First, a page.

Lewes : History

by Dave on June 20, 2008

zwaanendael1.jpg
From The State Web Site:

The Zwaanendael Museum was built in 1931 to commemorate the 300th anniversary of the state’s first European settlement, Swanendael, established by the Dutch along Hoorn Kill (present-day Lewes-Rehoboth Canal) in 1631.Designed by E. William Martin (architect of Legislative Hall and the Hall of Records in Dover), the museum is modeled after the old stadthuis (City Hall) in Hoorn, the Netherlands, and features typical 17th century Dutch design elements including a stepped facade gable, terra-cotta (baked clay) roof tiles, carved stonework, and decorated shutters.

The very top of the building’s front features a sandstone statue of David Petersen DeVries, leader of the expedition that founded Swanendael. The face of the building is decorated with intricate sandstone carvings, including the coat of arms of the city of Hoorn.The museum’s exhibits and presentations illustrate the rich history of Sussex County by highlighting its maritime connections and by telling the stories of the people who lived and worked along Delaware’s southeastern coast. The first floor of the museum re-opened in April 2006 with an exciting exhibit, “Lewes: The First Town in the First State.” The second floor is now open with a new exhibit, “Rediscovery through Recovery: Roosevelt Inlet Shipwreck Site,” which offers a look into the fascinating world of maritime archaeology.

To learn more about Lewes, Cape Henlopen, Delaware Bay, and the rich history of the region, go to Homework Help in our online Education Center. Current First Floor Exhibit: “Lewes: The First Town In The First State”Lewes: The First Town In The First State” showcases over 11,000 years of Lewes culture beginning with the original Native American residents, through the period of European colonization, the American Revolutionary War, the birth of the United States as a nation, and the War of 1812. The exhibit utilizes a historic timeline to tell Lewes’ story, supported by an array of artifacts, maps, sketches, lithographs, and photographs of period buildings.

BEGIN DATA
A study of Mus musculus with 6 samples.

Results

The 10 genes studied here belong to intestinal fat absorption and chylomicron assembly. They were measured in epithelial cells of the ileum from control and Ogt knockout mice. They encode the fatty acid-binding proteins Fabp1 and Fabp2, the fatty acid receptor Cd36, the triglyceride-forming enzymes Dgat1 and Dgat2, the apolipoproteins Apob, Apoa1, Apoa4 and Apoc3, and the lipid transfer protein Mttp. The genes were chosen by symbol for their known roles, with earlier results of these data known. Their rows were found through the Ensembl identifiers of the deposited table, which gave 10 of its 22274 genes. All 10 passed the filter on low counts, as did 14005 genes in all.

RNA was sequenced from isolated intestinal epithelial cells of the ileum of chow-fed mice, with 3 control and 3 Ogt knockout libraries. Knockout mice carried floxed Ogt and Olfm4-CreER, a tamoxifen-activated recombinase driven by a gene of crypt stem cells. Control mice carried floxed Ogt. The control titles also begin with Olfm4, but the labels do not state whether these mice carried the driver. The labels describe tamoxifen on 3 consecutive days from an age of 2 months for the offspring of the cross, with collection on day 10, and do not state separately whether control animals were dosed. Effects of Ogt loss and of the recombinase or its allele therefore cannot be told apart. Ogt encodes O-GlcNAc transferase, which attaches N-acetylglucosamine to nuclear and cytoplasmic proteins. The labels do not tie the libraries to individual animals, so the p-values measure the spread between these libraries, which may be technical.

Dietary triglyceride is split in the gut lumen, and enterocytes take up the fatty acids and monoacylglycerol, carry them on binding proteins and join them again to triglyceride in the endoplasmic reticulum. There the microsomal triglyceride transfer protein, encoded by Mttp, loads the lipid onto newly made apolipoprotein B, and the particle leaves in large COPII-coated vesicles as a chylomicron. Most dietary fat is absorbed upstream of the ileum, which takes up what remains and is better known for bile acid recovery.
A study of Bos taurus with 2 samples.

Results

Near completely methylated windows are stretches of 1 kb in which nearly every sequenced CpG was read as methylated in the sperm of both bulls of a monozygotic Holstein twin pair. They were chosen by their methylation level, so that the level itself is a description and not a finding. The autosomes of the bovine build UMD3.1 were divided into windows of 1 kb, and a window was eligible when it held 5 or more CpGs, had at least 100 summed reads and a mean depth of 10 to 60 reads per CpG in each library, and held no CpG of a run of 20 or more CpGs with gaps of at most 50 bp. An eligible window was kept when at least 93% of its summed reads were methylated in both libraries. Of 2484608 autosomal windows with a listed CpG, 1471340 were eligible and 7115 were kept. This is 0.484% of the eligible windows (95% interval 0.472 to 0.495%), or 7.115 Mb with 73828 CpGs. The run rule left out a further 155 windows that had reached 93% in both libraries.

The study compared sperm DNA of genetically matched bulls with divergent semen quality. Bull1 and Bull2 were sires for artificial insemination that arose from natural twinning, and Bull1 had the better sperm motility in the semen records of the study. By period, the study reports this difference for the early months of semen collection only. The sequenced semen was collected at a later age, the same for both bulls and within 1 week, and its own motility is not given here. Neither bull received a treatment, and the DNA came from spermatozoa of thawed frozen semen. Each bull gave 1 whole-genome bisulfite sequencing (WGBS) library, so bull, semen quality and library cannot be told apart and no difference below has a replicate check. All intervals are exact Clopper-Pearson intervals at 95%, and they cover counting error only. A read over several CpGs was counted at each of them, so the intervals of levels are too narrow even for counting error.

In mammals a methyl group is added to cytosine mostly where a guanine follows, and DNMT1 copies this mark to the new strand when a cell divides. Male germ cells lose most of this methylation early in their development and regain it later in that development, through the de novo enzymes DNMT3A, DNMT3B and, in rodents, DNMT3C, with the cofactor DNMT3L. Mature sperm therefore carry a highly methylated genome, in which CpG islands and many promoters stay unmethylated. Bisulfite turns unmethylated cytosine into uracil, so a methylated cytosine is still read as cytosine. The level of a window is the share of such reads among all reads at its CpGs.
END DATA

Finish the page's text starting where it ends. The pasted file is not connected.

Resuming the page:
In 2006, the exhibit was presented in conjunction with the Lewes & Delaware 375th Anniversary Celebration, a series of exhibits and events commemorating Lewes’ distinction as the first European settlement in Delaware. The founding of Swanendael (present-day Lewes) in 1631 by a small group of Dutch settlers set in motion a course of events as complex and intriguing as any in colonial America. From competing claims by William Penn and Lord Baltimore regarding ownership of the western coastline of Delaware Bay, to raids, burnings, and court decisions, the small settlement of Swanendael provided the legal basis for the establishment of Delaware as a geographically distinct place-and ultimately to take its spot as “The First State.”

Current Second Floor Exhibit: “Rediscovery through Recovery: Roosevelt Inlet Shipwreck Site”

A selection of artifacts recovered from the Roosevelt Inlet Shipwreck site is now on display at the Zwaanendael Museum in Lewes, Delaware. The exhibit, entitled “Rediscovery Through Recovery,” showcases the shipwreck and its cargo, while at the same time, explaining the multi-faceted processes utilized in archaeological and historical research.

The vessel, thought to be the remains of the British commercial ship Severn, is the oldest-known shipwreck discovered in Delaware waters. It provides a unique opportunity to study the economic relationships between the British Empire and its American colonies in the years immediately before the American Revolution.

In order to logically showcase a representative sampling of the tens of thousands of artifacts that have been recovered from the shipwreck, “Rediscovery Through Recovery” will be presented through a series of changing exhibits. Augmented by community meetings and hands-on archaeological programs, each of these exhibits will focus on a different archaeological and/or historical topic associated with the ship and the time period in which it sailed.

The first of these exhibits focuses on ceramics, the largest category of material culture recovered from the shipwreck. In particular, stonewares provide a backdrop for discussions on trans-Atlantic commerce and the extensive economic networks that made Delaware’s colonial society an integral part of the British Empire with strong links to the complex cultures that made up the Atlantic world of the 1770s.

This was copied from State of Delaware website.